At its most basic, the value of a stock depends on how much people are willing to pay an entity that already owns the stock to transfer ownership. The question is, why does the amount people are willing to pay typically go up over time?

Obviously, a single rational investor may be willing to pay more for a stock if they expect that may other investors will also increase the amount they are willing to pay. But why would they expect other investors to come to the same conclusion? It would seem there needs to be a base reason that an “initial” investor would pay more for a stock than other investors.

I can think of two reasons that they may use:

  1. Dividends: A stock not only has value from its potential for others to increase their valuation of it. But owners of some stocks may get direct payouts simply by being an owner.
  2. Voting Rights: An owner of a stock has may have voting rights within a company. With enough stock, an investor may have sizable control over the actions of a company.

Are there many other reasons why investors may increase their valuation of a stock over time? Or is my (obviously very simplified) model just completely flawed?


1 Answer 1


Actually you are asking a different question in your title from your question. There are differences between asking why stock market always grows and why individual companies’ stock grow. In fact in case of individual companies, you can see that many companies fail and their stock price gets wiped out, despite the stock market always growing over time so those are fundamentally different questions but I will try to respond to both

  1. What determines individual stock price? There are multiple stock pricing models but they more or less boil down to estimating what will be the future discounted return on your investment in one way or another. An example of a stock pricing model would be the Gordon’s growth model, where the stock price is given by:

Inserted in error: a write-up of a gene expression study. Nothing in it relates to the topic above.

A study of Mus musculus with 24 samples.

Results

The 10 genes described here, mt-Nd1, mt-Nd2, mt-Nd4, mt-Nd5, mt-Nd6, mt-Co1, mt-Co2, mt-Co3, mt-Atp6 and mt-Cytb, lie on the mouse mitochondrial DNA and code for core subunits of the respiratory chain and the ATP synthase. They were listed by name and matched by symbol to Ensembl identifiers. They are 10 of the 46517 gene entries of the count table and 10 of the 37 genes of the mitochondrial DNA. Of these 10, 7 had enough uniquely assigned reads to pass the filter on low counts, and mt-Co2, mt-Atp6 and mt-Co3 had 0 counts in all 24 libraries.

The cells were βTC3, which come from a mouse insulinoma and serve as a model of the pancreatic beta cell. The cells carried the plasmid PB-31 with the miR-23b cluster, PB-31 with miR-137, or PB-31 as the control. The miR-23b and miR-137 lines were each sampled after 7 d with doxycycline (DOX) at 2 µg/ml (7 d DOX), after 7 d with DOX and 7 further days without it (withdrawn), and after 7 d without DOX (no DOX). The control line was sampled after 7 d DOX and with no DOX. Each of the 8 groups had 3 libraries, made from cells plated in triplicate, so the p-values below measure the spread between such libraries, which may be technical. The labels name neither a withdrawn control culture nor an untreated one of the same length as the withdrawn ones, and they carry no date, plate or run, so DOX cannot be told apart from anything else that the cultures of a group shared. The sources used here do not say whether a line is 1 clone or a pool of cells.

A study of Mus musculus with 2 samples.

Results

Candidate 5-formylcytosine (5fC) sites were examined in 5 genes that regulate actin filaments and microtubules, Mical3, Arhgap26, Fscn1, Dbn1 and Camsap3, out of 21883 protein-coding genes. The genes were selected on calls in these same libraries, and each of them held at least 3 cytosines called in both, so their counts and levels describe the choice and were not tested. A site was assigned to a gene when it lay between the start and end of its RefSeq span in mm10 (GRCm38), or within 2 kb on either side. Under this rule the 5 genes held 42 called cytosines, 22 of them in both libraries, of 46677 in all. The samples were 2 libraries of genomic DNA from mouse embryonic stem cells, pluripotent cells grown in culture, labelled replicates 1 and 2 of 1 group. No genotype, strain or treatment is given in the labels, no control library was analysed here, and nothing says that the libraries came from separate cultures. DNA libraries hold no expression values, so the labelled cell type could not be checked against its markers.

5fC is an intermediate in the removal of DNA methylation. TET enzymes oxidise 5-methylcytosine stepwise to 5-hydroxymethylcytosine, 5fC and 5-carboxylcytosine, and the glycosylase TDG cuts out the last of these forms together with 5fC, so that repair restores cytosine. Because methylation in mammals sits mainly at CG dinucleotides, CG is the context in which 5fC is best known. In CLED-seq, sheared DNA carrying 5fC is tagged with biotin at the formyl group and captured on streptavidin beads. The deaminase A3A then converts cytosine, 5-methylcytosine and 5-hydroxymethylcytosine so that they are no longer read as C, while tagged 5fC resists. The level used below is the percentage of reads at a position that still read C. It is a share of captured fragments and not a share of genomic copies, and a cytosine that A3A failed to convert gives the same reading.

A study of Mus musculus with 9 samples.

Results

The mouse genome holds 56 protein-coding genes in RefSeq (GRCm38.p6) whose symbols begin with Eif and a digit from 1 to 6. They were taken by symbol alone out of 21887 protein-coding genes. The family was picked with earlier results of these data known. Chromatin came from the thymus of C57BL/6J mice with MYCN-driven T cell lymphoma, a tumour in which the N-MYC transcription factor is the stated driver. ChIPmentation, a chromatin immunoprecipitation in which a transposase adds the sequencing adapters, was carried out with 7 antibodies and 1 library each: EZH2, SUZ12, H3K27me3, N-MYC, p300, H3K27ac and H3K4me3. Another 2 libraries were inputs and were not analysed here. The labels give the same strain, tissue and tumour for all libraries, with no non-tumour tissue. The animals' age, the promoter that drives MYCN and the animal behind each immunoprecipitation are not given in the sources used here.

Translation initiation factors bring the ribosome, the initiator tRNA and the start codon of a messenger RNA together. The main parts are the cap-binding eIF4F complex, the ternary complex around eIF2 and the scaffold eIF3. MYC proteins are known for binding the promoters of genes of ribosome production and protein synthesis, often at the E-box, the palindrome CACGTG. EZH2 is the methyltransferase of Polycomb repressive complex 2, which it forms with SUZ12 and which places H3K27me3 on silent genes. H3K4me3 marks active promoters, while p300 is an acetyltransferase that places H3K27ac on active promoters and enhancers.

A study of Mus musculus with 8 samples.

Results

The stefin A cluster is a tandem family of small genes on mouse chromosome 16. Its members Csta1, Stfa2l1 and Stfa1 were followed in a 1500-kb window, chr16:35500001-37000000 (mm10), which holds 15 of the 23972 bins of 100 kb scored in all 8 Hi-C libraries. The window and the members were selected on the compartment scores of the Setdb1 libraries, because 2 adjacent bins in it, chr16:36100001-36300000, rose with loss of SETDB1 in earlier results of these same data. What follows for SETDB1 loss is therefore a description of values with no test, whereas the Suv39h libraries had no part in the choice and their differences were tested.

$$ P=\frac{D_0(1+g)}{r-g}$$

Where $P$ is the price $D_0$ is the current dividend, g is the dividend growth rate and r is the required rate of return.

So the individual stock price can increase either due to higher dividend payments, higher expected growth rate of these dividends or lower required rate of return.

However, as mentioned before there is no reason to think or even expect for any individual company’s stock price to always increase in a long term. In fact you have a lot of companies that simply fail, and their stock price becomes zero.

Also note the explanation above is oversimplification, because there are firms that don’t pay out dividends but they are still being valued and their stock price can grow, but I on purpose did not want to make my answer overtly technical and include some more complex models that can handle that as well, and generally the explanation is still valid one.

  1. How come that stock market tends to grow over time? This is because even though individual companies can and often do fail they are usually replaced by new and more efficient companies. In general thanks to economic growth, which depends on technological growth, growth of population, or even due to endogenous factors like human capital accumulation, firms are constantly getting more efficient and more productive meaning they can generate larger profits with less inputs and consequently also payout more of this profit as dividends. Firms that can’t adjust to technological change and deliver better products more efficiently will fail and be replaced by those companies that can. Recent famous examples would be Kodak or Nokia.

This being said, if the economic progresses of humanity would be halted for whatever reason, the stock market could start failing over time (for example, in case of some apocalyptic scenario such as nuclear war). It might also happen that eventually human race would end up in some stagnant state when there would be no more future growth because we would reach a point where we can’t get any new technological progress or accumulate more human capital - but that does not seem probable any time soon.